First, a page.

How to design a powerful and activating learning experience in practice?

This tool gives you a process description for designing a one-off lesson or a sequence of lessons. The model can be used when designing a class or when starting a new course and meeting the students for the first time in a classroom or in an online class. The model can be adapted when designing a one-off lecture or learning session.

Step 1. Starter activity

The purpose of this activity is that it is quite short as the idea is to retrieve students’ previous knowledge of or experience with the topic covered. This activity focuses the students’ attention and provides a context for the main body of the lesson, the second step.
When pairing or teaming up students, consider forming pairs or groups that are either heterogeneous or homogeneous depending on the pedagogical approach employed. Often multinational teams work better than student groups composed of only one nationality.
The core idea of this lesson design model is to have the students communicate and learn from each other by speaking about the covered topic(s).
Examples of starter activities:
  • Based on pre-reading the students answer a set of multiple-choice questions in pairs and decide together which answer is the correct one.
  • The students can be handed out a questionnaire in advance or in the first class of the course that has them ponder their previous experience with and knowledge of the topics studied in that particular class or during the entire course as well as their expectations for the course.
  • The students can be asked to list as many lessons as they learnt in a previous class of the course. This will have them tune in on the topic at hand that day.
  • Short revision questions for groups to discuss. For example, they can be asked to define new terms or produce a list of five key points on the basis of the answers they produce to the revision questions.
  • If the previous lesson has had students study multiple new terms, they can be seated in groups of 3-4 students where they define key terms shown on the board taking turns. Other students guess which term the student is explaining. The student to guess the right term carries on explaining the next term of her/his choice and the game goes on as long as required.
  • Students can also be grouped in groups of 3-4 students and given a list of some key terms from a previous class(es). The teams explain the terms in an online learning collaboration tool, such as Padlet or Miro. Once all the teams have defined their terms, other teams study the definitions and try to identify which terms have been explained. The teams that explained the terms can then give the correct term next to each term once they have been named correctly by other students. The link to the online tool can be saved in the virtual learning environment of the study unit for all students, who can go back to the terms and definitions even later on to refresh their memory or when studying for an exam for instance.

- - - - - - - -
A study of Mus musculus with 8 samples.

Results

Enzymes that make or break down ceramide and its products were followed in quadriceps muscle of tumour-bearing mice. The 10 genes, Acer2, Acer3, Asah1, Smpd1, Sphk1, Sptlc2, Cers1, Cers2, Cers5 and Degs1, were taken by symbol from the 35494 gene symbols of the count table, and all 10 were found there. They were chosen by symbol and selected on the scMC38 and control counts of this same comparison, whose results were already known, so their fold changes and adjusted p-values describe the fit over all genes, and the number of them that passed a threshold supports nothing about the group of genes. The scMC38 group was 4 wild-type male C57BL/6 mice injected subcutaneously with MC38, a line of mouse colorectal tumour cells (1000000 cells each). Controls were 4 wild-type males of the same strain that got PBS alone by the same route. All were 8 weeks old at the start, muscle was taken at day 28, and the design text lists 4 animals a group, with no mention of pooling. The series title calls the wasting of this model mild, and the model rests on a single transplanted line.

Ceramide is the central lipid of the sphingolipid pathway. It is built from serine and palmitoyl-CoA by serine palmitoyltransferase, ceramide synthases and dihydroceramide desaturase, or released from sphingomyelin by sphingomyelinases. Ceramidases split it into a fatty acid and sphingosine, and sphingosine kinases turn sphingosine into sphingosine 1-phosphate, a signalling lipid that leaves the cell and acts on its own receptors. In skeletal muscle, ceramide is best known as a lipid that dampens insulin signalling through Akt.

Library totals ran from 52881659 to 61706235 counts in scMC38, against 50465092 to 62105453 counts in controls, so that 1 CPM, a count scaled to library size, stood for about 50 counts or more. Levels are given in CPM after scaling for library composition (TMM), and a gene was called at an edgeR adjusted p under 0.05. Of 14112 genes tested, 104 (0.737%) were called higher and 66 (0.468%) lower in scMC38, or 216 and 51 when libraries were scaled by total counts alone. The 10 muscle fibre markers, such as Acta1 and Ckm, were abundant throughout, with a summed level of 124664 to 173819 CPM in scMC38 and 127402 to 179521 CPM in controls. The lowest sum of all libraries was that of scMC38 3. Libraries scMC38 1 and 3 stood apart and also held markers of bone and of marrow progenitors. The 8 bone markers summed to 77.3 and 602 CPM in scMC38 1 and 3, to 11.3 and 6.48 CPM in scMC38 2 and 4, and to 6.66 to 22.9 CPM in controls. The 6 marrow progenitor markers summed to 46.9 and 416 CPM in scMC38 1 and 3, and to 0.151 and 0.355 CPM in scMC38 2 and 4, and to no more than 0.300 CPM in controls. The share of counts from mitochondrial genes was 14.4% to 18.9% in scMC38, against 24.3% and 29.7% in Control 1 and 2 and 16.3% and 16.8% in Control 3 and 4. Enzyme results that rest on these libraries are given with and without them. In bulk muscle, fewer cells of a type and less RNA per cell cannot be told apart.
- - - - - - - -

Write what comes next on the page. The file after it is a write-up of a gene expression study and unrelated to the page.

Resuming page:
Step 2. Main body

During this step students need to rationalize, analyze, evaluate or use their problem solving skills in order to gain a more extensive understanding of the given topic. These activities form the main body of the class.

  • Students are given a real work-life-based challenge or case. They are required to analyze and apply knowledge gained by reading or from short lectures given in class. The idea is to have the students communicate with people from a real organization, simultaneously applying knowledge in practice.
  • Problem-solving exercises in small groups or pairs.
  • Simulation or role-play activities, such as students have the responsibility of giving mini lessons on an allocated topic or on a topic of their choosing.
  • Discussions on the studied topic and theory.
  • Final reports and presentations of the project carried out during the course, peer feedback given on the presentation.
  • Brainstorming the lessons learnt by giving ideas on a Padlet wall or in writing on post-it stickers.

Step 3. Plenary or feedback

This final step of the lesson should not take long. It should rather be a 5-10-minute activity that sums up the lesson(s) learnt.
  • Discussion in pairs about the class/course and whether the set objectives have been met, reporting these to the teacher and/or entire class in the agreed format.
  • Students give feedback either anonymously or with providing their name in the student feedback system in use at the school.
  • Students can be asked to design the exam questions or quiz questions for the teacher to use in the next lesson.
  • Students and teacher can engage in a feedback discussion (cf. performance appraisal) where they answer questions set in advance.
  • A Padlet wall or some other format can be set for students to discuss challenges or items they have found not well organized during the course. A similar wall can be created for positive feedback.